Use the landmine row to build big arms and a defined back
Add the landmine row to your back and biceps training toolkit to build a bigger, stronger and more defined upper body, says New Body Plan fitness editor Joe Warner
The landmine row is another one of those unloved exercises, much like its upper-body counterpart the landmine press, that needs to feature in any gym training plan. If it doesn’t feature in yours you’re missing out on some serious muscle-building potential.
The landmine row often gets ignored in favour of more popular moves that are easier to set up and do. Give most people the option and almost everyone will choose the lat pulldown or seated row – even the barbell bent-over row – rather than the landline row. But this lift offers a range of benefits it’s hard to replicate with these more common upper back exercises.
That’s why I urge you to think about adding the landline row to your next back and biceps workout. Give it a go and see how it feels. I bet you’ll find it hits your upper back and biceps in a way you’ve not felt before. And it’s the working of your target muscles in new ways that’s the key to growing bigger, stronger and more defined muscles!
What is the landmine row?
The landmine row is a fantastic upper back exercise that often gets overlooked for more well-known lifts. These include the assisted pull-up, lat pulldown and cable seated row, all of which are machine moves, so are very simple to set up and adjust the weight. And body-supported moves, such as the chest-supported dumbbell row, or more demanding lifts, such as the bent over row or bodyweight chin-up.
What equipment do I need to do a landmine row?
Setting up the landmine row requires a little bit of effort. But you’ll be well rewarded for the way it works your upper back and biceps. You’ll need a landmine holder, an Olympic barbell and some weight plates. How many plates depends on how strong you are!
All good gyms should have a landmine holder unit secured to their power racks or squat cages. But you can get standalone landmine units that can be moved around the gym floor. If your gym only has barbells and weight plates and no specialist landmine holder you can position one end of the barbell in the corner between two walls.
How is the landmine row different to a T-bar row?
The landmine row and T-bar row are very similar exercises that work the target muscles almost identically. Indeed, some gym rats use the two exercise names interchangeably. Some gyms will have a T-bar machine, on which you can support your chest on a padded bench.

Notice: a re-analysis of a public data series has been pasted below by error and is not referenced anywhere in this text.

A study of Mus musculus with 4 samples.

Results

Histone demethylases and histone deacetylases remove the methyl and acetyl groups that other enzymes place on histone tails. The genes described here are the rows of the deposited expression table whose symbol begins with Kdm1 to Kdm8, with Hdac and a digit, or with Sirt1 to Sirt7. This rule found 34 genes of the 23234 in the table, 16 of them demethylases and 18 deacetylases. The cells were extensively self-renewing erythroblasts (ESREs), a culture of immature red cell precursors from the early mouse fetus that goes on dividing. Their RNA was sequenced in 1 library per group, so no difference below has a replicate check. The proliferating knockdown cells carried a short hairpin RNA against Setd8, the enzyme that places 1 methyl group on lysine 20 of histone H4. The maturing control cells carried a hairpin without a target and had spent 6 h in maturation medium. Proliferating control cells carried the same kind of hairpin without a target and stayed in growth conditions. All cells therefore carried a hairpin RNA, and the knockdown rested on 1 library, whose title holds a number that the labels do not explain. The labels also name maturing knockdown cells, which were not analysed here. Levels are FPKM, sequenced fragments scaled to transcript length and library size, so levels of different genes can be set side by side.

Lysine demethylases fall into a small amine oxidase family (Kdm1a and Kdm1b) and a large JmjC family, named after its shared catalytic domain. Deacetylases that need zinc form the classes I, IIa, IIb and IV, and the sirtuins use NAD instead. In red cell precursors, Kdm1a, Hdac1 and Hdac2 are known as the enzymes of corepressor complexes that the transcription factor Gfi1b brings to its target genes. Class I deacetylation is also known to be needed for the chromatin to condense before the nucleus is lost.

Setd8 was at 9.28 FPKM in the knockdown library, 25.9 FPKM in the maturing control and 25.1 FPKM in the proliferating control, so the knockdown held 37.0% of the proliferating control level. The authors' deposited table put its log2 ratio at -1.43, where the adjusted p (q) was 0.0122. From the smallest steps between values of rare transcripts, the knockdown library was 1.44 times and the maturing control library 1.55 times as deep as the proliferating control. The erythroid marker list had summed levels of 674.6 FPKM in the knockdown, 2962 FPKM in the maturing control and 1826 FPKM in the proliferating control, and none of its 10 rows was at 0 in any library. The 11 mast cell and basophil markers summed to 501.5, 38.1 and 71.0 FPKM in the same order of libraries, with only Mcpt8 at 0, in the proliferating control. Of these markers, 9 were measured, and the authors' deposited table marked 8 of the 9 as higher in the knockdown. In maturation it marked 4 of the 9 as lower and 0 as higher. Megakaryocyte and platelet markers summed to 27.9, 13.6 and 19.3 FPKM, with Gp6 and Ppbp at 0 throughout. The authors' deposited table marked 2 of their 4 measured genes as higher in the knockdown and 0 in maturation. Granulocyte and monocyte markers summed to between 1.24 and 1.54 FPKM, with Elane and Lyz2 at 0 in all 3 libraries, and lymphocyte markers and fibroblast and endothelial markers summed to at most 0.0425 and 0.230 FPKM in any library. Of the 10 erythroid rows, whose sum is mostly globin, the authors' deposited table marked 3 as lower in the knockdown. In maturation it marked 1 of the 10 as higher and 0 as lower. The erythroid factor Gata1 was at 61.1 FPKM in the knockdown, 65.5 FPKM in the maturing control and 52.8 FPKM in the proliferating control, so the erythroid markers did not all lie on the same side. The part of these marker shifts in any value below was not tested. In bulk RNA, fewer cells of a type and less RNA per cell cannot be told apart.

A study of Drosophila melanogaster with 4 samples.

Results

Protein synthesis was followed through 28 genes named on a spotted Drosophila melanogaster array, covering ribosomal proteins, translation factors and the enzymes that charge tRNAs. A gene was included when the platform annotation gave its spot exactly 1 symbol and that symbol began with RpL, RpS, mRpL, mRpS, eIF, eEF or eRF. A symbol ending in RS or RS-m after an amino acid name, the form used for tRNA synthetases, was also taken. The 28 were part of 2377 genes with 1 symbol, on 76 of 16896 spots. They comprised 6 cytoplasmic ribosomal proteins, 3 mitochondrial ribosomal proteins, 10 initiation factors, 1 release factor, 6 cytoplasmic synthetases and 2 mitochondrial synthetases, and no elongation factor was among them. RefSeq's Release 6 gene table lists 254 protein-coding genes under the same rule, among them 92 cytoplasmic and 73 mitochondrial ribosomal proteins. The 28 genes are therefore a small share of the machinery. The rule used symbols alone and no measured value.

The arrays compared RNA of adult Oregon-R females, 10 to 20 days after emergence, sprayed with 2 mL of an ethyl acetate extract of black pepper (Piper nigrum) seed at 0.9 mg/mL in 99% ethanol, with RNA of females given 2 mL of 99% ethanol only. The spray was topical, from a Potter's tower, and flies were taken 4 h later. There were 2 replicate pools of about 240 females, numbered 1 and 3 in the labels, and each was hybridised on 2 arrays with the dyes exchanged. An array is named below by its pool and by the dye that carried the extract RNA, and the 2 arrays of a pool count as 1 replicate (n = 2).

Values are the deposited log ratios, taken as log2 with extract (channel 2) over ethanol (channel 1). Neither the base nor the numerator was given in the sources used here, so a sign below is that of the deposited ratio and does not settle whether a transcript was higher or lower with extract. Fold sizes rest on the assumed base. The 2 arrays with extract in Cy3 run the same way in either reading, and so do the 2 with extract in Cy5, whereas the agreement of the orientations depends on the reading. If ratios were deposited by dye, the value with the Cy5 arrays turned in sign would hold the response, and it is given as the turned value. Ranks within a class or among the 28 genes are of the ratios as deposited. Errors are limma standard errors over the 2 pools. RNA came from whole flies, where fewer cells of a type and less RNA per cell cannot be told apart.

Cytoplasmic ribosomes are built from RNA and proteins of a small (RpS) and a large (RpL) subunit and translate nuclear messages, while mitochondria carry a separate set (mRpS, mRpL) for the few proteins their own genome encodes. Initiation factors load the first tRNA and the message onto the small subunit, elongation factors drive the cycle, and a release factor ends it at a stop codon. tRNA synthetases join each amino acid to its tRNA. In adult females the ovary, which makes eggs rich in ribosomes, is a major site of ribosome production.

You will still work your upper back and biceps in a similar way as with the landmine row, but having your torso supported on the bench reduces the recruitment of your abs, lower back and glutes. This may allow you to lift heavier more safely, which is why you should do landmine rows and use the T-bar machine in your training programme, if your gym has the kit.
What muscles does the landmine row work?
The landmine row works many major muscle groups. The main muscles worked are the muscles of your upper back. These include the latissimus dorsi, rhomboids and trapezius. Your rear shoulders are also involved, as are your biceps and forearms.
What’s more you’ll also recruit the stabilising muscles of your abs, lower back and glutes. They must all work together to keep your torso stable and locked in position as your lift and lower the weight with each rep. It really does hit a lot of key muscles in just one movement!
Can I do the landmine row one-handed?
Yes, you can. Unilateral, or single-limb, exercises should form a significant part of your training. And the one-arm landmine row is a fantastic exercise to work and improve any muscular imbalances you have. You’ll obviously need to lift a lot lighter than when using both hands. But focus on great form and a full range of motion and you’ll make significant progress.
Follow the form guide below, except stand to one side of the bar, hinge down and grip it with one hand, and row it up and down to that side of your body.
How do I do the landmine press?
• Add the required weight to the landmined barbell then stand over the middle of the bar, facing towards the end with the weight plates and away from the anchored end.
• Bend your knees slightly, hinge forwards from your hips then grip the barbell with both hands with your arms fully straight.
• You can grip a handle secured to the bar instead of holding the bar with your hands, if you have that option available. A narrow grip will work your upper back differently to a wide grip.
• Keeping your back straight and abs engaged, row the bar up towards your chest, leading with your elbows.
• Your aim is to keep your head and torso stable and locked in position – only your arms should move.
• Pause in the top position for at least a second, then slowly lower the bar back down to the start position under complete control until your arms are straight.
• That’s one rep. Depending on whether you’re training for muscle strength or muscle size, do 3-4 sets of between 5 and 15 reps, resting at least one minute between sets.